A custom-built car, or what is also known as a kit car, is, well, as the name implies: a custom-built vehicle.
In state vehicle code terms, it’s generally described as a vehicle that was manufactured prior to 1949, with component upgrades to the original body. These upgrades, for example, might include a new engine, a new chassis, new brakes, or new fenders.
If you’re considering taking on the task of custom-building a vehicle, with the ultimate intent of making it road worthy, be sure to educate yourself on your state’s registration requirements. Anyone with kit car experience will tell you building the vehicle is the easy part; passing a state safety inspection in order to register a custom-built car is when the nervousness begins.
You can’t register a custom-built car if it doesn’t pass inspection, after all.
The Skinny on Custom-Built Vehicle Registration Inspections
Before you deem your vehicle finished and ready to be inspected, be sure it meets your state’s requirements in terms of parts and features.
The exact list may slightly vary from state to state, but in general most states require custom-built cars possess the following parts that must be in working condition:
- At least two headlights with a visibility distance of 500 feet.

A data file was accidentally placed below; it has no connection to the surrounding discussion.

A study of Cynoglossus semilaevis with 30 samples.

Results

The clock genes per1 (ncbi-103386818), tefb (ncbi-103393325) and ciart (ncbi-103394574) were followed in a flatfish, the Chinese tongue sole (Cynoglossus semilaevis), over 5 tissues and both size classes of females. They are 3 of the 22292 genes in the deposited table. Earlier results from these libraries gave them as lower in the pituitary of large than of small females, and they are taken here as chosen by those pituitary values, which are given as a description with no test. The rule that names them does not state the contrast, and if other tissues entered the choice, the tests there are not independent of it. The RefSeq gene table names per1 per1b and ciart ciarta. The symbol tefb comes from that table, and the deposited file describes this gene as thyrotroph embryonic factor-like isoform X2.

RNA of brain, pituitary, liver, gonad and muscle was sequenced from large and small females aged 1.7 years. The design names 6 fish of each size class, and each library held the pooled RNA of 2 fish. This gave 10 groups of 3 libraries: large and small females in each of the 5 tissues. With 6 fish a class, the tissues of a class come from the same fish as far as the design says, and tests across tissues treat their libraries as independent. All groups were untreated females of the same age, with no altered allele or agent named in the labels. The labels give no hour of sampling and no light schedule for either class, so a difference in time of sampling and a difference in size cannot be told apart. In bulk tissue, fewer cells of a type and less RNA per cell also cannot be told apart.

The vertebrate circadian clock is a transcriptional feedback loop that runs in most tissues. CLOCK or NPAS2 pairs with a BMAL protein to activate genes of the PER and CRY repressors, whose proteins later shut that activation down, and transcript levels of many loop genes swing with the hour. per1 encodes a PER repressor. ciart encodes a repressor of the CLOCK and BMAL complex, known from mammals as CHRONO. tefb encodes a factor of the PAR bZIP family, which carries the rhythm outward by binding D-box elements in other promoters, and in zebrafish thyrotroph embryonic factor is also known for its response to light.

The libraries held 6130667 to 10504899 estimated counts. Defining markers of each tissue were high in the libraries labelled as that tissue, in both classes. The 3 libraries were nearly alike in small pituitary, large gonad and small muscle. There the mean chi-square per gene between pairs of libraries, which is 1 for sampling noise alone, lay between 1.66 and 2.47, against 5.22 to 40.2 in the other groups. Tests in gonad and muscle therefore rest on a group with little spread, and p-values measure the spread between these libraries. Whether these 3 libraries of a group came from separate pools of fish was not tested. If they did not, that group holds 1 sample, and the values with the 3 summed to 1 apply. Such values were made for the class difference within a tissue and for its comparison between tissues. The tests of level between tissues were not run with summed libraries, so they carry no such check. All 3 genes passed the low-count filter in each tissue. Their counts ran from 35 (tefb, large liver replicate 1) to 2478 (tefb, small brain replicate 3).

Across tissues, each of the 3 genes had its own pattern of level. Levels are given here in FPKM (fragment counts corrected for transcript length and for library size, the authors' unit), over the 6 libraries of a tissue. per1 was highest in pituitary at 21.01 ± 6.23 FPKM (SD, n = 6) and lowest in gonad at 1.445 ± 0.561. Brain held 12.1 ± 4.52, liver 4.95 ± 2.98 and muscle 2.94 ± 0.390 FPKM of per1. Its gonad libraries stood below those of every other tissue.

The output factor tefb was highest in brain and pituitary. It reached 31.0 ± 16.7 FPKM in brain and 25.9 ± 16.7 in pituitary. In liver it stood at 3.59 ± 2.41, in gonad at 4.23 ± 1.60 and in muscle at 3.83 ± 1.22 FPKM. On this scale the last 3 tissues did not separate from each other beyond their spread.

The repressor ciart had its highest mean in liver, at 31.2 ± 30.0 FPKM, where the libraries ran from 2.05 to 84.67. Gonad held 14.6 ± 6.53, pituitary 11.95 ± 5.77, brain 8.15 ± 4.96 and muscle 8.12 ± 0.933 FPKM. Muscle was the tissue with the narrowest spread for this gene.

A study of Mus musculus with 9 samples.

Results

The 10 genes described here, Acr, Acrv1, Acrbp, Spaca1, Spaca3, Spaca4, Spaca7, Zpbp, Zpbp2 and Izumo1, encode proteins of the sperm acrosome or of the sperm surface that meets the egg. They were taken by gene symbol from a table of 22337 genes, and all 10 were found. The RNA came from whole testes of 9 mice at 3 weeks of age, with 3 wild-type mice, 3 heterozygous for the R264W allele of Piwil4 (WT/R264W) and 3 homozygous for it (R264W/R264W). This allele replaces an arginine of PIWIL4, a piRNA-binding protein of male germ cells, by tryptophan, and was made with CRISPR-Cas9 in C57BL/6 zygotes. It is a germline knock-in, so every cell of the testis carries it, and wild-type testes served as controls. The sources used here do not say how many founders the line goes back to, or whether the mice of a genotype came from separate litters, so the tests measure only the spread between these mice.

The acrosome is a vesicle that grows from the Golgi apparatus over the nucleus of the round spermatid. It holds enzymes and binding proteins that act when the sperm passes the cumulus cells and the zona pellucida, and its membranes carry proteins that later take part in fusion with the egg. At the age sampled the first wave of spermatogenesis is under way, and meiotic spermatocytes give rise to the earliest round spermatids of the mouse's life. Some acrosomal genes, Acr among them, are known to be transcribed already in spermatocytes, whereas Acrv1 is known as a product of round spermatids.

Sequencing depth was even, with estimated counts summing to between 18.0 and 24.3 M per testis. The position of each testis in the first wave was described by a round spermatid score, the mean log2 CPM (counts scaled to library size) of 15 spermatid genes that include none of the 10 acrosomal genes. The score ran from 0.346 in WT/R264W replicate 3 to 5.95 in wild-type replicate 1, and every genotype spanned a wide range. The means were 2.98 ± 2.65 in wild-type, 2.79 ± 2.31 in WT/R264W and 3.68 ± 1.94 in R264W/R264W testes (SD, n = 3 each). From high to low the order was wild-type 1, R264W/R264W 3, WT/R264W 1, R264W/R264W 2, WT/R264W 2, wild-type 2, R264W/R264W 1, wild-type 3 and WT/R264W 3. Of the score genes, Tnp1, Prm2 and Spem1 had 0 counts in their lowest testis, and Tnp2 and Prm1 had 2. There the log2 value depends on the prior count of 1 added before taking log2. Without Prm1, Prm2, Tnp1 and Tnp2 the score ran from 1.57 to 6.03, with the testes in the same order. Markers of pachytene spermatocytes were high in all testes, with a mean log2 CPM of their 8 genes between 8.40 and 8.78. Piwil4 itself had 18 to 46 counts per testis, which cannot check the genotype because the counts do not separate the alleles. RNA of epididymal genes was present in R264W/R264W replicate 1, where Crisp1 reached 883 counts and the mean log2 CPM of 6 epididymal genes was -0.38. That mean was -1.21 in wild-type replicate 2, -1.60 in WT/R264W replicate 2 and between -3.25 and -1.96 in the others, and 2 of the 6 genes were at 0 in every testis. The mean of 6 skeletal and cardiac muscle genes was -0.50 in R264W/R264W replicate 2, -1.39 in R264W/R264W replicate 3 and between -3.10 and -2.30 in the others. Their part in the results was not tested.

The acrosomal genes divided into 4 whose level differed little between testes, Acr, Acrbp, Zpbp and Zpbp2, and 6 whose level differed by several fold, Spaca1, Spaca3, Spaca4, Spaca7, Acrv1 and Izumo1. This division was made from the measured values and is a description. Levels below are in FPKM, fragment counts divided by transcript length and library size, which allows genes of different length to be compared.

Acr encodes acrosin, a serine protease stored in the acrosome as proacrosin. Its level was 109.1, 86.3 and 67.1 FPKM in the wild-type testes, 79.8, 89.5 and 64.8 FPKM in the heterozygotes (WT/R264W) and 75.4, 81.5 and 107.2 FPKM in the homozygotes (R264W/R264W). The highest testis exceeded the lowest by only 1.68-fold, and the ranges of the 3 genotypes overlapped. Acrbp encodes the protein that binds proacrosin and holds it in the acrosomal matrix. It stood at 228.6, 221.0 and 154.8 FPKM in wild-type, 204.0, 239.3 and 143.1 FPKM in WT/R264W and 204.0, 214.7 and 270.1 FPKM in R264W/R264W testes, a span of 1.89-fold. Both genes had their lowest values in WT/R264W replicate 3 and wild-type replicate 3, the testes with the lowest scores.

- At least two red taillights mounted on the left rear and right rear of the vehicle, with a visibility range of 500 feet.
- Four parking lights (two on the front and two on the rear).
- Stop lights on the rear of the vehicle with a visibility distance of 500 feet.
- Working turn signals.
- Functioning brakes.
- Rearview and side mirrors with a reflection range of 200 feet.
- A windshield that meets state standards.
- Tires must be in safe condition.
- A functioning horn, capable of being heard 200 feet away.
- A functioning muffler.
- Front seat must be outfitted with two sets of seat belts.
- The vehicle’s suspension must meet state demands (most require the distance between frame and ground to be no higher than 22 inches).
- Front and rear bumpers.
- License plate brackets, with the rear bracket properly illuminated from a distance of at least 50 feet.
Documenting Parts for Car Registration
Be sure to keep receipts of all parts used in building the vehicle. Inspection officials will require a review of all receipts as verification that no parts were taken – knowingly or unknowingly – from stolen vehicles. Depending on your state, a DMV official or law enforcement officer might inspect your kit car.
Do you have a custom-built vehicle? Tell us all about it in the comments below!